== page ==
Claims that the region’s abandoned Casino to Murwillumbah railway line is being maintained to a limited degree by a major building contractor have been questioned.
Byron Shire mayor Simon Richardson has requested details from the NSW transport department on what sort of maintenance the rail contractor is doing.
Cr Richardson’s mayoral minute from last Thursday’s council meeting follows claims to Echonetdaily by the transport department and the minister responsible that the abandoned line is being maintained.
The department, which granted the contract to rail construction giant John Holland, has refused to provide to The Echo any evidence, such as reports, in order to verify that limited maintenance has been undertaken on the railway line since it was last used in 2004. A spokesperson for the department was only prepared to say that John Holland Rail ‘undertakes safety inspections and limited maintenance work including minor vegetation work at selected sites’.
Similarly, the minister for transport, Gladys Berejiklian, played the issue down.
When asked to provide any evidence of what work has been completed in the region, Mrs Berejiklian instead repeated much the same line as her department.
‘I’m advised that maintenance work on the Casino to Murwillumbah line is limited to an inspection of the line each year and includes monitoring and treatment of noxious weeds and any other work required to ensure the safety of the public,’ she said.
And despite four days’ notice on the question, much correspondence and a promise that a response would come from John Holland, the company’s media representative said, at the last minute, that she could not reply in time, due to ‘being under contract with Transport for NSW which needs to approve our media statements’.
But what’s the cost to taxpayers? John Holland claims on its website it’s being paid $1.5 billion over ten years, or $150,000,000 a year to maintain NSW railways.
This includes ‘2,700 kilometres of operational freight and passenger lines and 3,100 kilometres of non-operational lines,’ plus 3,300km of disused line.
At a total of 9,100km, this represents $16,483 per km of track, per year, including ‘27,000 hectares of land, 600 rail under-bridges and 384 road over-bridges’.
As a rough comparison, rail infrastructure construction and maintenance company, the Downer Group, is being paid $10,625 per kilometre of track per annum over 12 years, for a track that is used for interstate freight.
Additionally, the recent $2 million rail study released by the coalition was slammed for its ‘lack of long-term vision’ in NSW Parliament last week by Greens MP and transport spokesperson Cate Faehrmann.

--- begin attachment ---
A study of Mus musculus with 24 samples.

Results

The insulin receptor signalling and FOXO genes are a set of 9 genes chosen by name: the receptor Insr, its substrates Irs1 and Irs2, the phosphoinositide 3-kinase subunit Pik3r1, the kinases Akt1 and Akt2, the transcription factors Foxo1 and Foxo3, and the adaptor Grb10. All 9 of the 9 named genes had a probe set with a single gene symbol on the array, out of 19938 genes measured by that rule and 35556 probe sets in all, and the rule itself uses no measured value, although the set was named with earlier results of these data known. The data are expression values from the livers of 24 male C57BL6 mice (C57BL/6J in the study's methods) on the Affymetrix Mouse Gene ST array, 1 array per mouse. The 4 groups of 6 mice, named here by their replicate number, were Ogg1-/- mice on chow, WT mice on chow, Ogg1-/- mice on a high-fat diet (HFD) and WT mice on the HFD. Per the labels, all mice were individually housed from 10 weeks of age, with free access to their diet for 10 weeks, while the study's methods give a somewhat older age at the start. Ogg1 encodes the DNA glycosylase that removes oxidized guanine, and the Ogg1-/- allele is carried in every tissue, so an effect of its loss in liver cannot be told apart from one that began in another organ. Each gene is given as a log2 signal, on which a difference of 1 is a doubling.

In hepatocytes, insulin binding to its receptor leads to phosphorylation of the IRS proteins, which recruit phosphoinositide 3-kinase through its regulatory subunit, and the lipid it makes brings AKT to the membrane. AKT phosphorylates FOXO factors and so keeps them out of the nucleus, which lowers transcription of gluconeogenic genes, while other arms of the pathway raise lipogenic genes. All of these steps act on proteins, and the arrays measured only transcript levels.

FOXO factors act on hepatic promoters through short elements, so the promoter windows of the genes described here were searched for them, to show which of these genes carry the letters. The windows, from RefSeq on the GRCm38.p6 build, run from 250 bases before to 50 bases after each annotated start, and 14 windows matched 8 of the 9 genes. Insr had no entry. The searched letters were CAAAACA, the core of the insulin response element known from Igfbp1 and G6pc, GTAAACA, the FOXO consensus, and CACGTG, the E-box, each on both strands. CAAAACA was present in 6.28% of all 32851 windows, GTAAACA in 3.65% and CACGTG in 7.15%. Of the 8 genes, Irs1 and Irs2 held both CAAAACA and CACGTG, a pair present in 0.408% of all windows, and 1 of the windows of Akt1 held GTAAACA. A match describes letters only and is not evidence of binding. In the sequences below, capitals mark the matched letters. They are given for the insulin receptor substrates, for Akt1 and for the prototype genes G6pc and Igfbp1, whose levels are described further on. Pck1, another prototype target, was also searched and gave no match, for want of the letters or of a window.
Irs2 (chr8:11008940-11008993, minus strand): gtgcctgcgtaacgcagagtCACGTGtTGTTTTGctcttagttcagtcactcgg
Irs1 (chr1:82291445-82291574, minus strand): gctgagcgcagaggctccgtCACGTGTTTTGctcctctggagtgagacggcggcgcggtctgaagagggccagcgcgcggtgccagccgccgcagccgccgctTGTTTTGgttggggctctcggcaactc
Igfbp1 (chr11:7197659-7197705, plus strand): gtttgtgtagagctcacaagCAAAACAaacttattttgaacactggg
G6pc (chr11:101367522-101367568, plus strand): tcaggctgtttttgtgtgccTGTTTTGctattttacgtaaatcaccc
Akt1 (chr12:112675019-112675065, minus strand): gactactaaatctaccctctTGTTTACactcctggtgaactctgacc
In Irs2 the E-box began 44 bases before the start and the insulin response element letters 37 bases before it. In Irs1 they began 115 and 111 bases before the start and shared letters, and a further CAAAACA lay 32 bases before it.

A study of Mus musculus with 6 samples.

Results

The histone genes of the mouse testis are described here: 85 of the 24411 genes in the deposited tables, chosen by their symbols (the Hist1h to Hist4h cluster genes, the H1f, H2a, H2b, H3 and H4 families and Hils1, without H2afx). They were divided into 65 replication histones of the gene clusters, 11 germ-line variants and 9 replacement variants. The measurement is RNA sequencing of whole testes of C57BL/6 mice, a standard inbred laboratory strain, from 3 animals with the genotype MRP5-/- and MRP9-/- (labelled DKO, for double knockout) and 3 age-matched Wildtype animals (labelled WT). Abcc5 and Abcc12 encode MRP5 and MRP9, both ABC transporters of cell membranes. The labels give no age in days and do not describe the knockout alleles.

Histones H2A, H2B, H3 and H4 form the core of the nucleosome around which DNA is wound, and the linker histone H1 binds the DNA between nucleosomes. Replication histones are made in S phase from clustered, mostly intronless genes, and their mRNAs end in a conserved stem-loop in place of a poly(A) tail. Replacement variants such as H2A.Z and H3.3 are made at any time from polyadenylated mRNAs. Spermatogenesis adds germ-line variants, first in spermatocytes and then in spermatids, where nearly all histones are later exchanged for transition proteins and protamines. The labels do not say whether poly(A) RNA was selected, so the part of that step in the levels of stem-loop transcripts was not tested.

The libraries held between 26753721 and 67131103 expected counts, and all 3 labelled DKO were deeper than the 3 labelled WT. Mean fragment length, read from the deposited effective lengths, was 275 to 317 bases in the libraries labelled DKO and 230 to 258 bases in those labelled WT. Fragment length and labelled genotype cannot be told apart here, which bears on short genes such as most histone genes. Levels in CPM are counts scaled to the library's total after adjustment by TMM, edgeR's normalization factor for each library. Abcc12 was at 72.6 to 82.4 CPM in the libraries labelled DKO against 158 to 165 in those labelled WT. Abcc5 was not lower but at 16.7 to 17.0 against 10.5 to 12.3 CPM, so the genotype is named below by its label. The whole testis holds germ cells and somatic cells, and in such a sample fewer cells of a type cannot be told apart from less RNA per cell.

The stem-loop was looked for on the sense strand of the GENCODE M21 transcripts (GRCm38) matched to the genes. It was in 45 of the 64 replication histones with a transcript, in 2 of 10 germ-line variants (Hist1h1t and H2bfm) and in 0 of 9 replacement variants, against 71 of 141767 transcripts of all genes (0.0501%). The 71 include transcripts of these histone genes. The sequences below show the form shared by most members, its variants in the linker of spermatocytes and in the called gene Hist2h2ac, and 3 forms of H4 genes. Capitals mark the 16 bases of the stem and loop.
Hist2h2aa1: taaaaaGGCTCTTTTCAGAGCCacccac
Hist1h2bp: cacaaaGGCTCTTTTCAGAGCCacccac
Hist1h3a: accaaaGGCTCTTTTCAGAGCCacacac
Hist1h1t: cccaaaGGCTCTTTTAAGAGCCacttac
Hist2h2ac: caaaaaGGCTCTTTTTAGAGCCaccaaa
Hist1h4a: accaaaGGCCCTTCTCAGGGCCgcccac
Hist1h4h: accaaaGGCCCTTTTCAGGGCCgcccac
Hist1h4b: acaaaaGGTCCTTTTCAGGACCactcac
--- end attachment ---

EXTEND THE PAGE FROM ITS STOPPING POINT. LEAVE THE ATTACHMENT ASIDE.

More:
Ms Faehrmann also took aim at its restricted ‘terms of reference’, which were heavily weighted towards a result favouring abandoning rail services in the region.
‘Only 75 of 187 bridges were inspected,’ she said, ‘representing an incomplete picture of the line’s true state of repair, compared with PricewaterhouseCoopers inspecting every bridge in 2004’.
The MLC also said it was a ‘quite frankly unbelievable’ estimated repair bill of $900 million, as, ‘in 2004 PricewaterhouseCoopers estimated it would cost $30 million’.
She says her parliamentary inquiry into rail infrastructure project costing revealed rail projects ‘cost some 15 per cent more in NSW than in the rest of Australia’.
Byron’s ongoing traffic congestion and 1.5 million annual visitor numbers were also mentioned. ‘The growth in tourist visits from southeast Queensland to Byron Bay has meant that road traffic can reach gridlock on any summer’s day,’ Ms Faehrmann said.
‘A ten-minute car journey from the highway into Byron can easily extend to 45 minutes. Buses would be similarly afflicted.’
But oddly, Mrs Berejiklian told The Echo that in regard to the shire’s visitor numbers, ‘the needs and travel patterns of tourists were considered in detail in the development of the study, and it found tourists do not form a large proportion of public transport users’.
While the mayoral minute claims there are omissions in the report over light rail and other issues, Mrs Berejiklian talked light rail down saying it ‘was included in the long list of options considered in the study and it was found to deliver fewer benefits than other modes of transport’.
Cr Richardson also plans to ‘facilitate a meeting with potential user groups to consider Byron Shire options’.
Local Nationals MP Don Page has not commented on the report other than to tell The Echo at the time of its release that ‘the report speaks for itself’.
Along with all north coast Nationals MPs, he ran on a campaign in 2007 of returning rail, but then changed his campaign to a ‘rail study’ for the 2011 election.